Professors Steven Laplante, Laurent Chatel-Chaix, and Alain Lamarre of Institut national de la recherche scientifique (INRS) have made it their mission to find molecules capable of treating COVID-19. Together, they will test thousands of therapeutic molecules on infected cells to determine their efficacy against coronaviruses.
The purpose of the research is not to find a vaccine, but an antiviral capable of treating those infected with SARS-CoV-2 and COVID-19. “Our goal is to reduce viral replication to avoid the cytokinestorm that is responsible for a large portion of deaths,” said Professor Laurent Chatel-Chaix.
Steven Laplante’s laboratory will mainly test molecules already cleared by the U.S. Food and Drug Administration (FDA) in order to speed up the drug creation process. “Usually this can take 12 to 15 years, but we don’t have that luxury here. If a molecule that is already approved works, we can move on to clinical trials faster, because we already know it is safe for the human body,” explained Laplante, a medicinal chemistry researcher whose project received €70,000 from the Institut Pasteur International Network’s coronavirus task force.
How do you know if a molecule is effective? Professor Laplante combines it with different proteins from the virus to see whether there is an interaction. He is particularly interested in two conserved proteins expressed from all coronaviruses in infected cells: protease and polymerase. That way, the drug would be active against all types of coronaviruses, not just SARS-CoV-2. “If there’s another outbreak in five years with a mutated virus or another coronavirus, we’d already have a working antiviral,” he said.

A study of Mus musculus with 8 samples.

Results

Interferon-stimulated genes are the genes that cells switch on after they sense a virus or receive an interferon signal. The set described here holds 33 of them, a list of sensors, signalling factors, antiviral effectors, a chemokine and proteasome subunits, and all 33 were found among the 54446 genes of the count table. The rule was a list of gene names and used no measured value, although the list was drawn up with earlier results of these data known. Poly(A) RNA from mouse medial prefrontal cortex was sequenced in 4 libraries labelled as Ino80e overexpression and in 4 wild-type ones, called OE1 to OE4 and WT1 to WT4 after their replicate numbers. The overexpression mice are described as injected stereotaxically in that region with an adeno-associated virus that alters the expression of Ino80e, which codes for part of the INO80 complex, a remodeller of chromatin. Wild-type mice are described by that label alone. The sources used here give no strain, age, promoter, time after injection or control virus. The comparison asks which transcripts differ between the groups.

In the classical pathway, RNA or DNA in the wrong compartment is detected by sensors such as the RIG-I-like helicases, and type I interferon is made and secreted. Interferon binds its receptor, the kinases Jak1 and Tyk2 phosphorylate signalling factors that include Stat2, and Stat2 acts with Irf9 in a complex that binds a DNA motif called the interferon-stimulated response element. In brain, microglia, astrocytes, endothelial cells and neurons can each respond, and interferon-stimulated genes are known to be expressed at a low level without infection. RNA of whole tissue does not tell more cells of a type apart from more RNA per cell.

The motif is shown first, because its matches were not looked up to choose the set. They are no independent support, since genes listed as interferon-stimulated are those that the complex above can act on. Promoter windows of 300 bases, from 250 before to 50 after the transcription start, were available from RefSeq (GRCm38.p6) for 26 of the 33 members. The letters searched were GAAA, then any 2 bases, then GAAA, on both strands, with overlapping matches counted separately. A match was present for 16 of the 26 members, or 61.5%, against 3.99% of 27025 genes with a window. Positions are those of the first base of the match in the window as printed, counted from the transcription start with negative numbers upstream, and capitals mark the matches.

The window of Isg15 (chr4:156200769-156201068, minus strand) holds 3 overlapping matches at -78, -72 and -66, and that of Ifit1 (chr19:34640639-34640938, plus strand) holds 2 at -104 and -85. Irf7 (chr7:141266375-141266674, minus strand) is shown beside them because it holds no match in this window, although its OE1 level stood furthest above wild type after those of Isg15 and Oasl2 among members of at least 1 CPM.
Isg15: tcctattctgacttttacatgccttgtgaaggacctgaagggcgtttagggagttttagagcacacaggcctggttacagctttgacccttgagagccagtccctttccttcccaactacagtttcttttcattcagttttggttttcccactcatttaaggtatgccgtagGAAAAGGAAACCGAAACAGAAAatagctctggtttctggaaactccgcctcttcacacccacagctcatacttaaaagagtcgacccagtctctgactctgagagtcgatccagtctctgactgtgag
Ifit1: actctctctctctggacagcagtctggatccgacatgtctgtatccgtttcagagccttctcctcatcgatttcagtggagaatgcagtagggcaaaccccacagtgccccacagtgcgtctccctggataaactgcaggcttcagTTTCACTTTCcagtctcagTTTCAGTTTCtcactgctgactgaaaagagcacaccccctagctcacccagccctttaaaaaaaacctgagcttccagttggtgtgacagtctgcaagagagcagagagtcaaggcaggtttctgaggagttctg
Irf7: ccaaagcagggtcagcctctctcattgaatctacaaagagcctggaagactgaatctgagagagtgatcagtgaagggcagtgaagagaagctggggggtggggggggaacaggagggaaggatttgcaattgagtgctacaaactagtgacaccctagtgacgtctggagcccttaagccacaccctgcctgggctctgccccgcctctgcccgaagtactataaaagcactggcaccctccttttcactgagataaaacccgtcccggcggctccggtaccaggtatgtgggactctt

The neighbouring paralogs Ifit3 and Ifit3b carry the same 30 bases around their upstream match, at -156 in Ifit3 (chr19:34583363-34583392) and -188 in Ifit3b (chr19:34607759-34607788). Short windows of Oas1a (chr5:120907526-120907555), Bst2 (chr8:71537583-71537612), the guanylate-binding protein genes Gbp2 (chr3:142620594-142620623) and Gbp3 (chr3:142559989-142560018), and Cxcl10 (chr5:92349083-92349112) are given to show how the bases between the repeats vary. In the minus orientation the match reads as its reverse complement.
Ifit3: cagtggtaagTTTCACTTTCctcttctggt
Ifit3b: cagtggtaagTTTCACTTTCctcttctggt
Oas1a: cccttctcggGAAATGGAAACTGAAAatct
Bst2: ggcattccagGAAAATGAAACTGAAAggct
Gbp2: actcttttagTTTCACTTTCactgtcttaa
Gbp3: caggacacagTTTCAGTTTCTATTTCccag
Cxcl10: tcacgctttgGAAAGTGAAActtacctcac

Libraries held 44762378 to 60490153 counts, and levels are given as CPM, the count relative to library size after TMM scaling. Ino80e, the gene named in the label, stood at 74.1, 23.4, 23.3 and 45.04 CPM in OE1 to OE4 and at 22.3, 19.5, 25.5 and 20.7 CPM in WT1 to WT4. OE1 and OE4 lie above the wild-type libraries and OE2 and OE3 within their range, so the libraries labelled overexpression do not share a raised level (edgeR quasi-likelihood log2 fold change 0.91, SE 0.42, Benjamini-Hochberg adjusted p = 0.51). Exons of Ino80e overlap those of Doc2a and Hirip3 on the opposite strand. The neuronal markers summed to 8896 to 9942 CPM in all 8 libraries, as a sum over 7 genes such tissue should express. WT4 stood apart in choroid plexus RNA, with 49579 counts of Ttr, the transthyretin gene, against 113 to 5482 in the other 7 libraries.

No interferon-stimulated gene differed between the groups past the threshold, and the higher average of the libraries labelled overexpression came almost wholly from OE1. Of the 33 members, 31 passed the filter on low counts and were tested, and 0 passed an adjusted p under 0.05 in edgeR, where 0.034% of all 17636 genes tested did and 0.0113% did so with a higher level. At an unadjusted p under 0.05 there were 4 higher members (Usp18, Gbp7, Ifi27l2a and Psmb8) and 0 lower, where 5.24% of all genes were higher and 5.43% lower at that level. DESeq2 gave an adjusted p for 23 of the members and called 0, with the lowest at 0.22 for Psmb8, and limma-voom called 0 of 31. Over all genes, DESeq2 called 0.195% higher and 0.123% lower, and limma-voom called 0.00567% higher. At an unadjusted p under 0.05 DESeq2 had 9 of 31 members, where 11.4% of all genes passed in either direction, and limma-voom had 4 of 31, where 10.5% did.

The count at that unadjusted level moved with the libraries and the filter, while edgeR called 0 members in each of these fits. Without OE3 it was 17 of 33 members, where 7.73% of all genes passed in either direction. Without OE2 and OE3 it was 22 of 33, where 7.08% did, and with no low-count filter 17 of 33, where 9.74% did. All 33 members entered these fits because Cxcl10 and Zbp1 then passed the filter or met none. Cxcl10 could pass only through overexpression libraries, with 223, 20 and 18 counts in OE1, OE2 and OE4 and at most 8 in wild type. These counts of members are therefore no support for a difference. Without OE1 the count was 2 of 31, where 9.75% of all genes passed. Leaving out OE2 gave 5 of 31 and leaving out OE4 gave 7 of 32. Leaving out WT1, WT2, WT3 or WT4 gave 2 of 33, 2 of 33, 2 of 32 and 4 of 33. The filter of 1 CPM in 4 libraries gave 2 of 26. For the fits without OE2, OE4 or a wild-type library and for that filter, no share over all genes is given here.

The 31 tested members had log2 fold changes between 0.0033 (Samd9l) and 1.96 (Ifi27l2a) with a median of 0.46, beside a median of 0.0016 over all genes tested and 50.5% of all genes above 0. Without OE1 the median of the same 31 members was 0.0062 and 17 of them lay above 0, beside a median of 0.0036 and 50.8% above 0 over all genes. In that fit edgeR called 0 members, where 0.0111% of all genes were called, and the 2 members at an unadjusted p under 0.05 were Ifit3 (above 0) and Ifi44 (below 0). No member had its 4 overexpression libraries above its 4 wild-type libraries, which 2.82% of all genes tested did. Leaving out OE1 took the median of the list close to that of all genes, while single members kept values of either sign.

Alongside Steven Laplante’s work on already-approved molecules, Professor Laurent Chatel-Chaix will test drugs developed by Professor Charles Gauthier of INRS, whose basic molecule has already been shown to have an effect on coronaviruses other than SARS-CoV-2. He will also test molecules from the Réseau québécois de recherche sur les médicaments library and those targeted by Professor Laplante for their interactions with infectious diseases.
To test all molecules of interest, Laurent Chatel-Chaix will develop a modified SARS-Cov-2 virus. “We will add a sequence in the virus genome that codes for a bioluminescent protein. That way we’ll be able to directly measure the virus replication as a function of the light emitted,” explained the molecular virology researcher.
Once promising molecules have been identified for infected cells, researchers will need to test them in an in vivo model to ensure their efficacy and safety. That’s where Alain Lamarre’s lab comes in. It will develop a mouse model to adapt the SARS-CoV-2 coronavirus to a non-human host.
This model could also help give Lamarre a better understanding of the link between the dose of infection and the quantity of antibodies in the blood, which will be useful in developing a vaccine.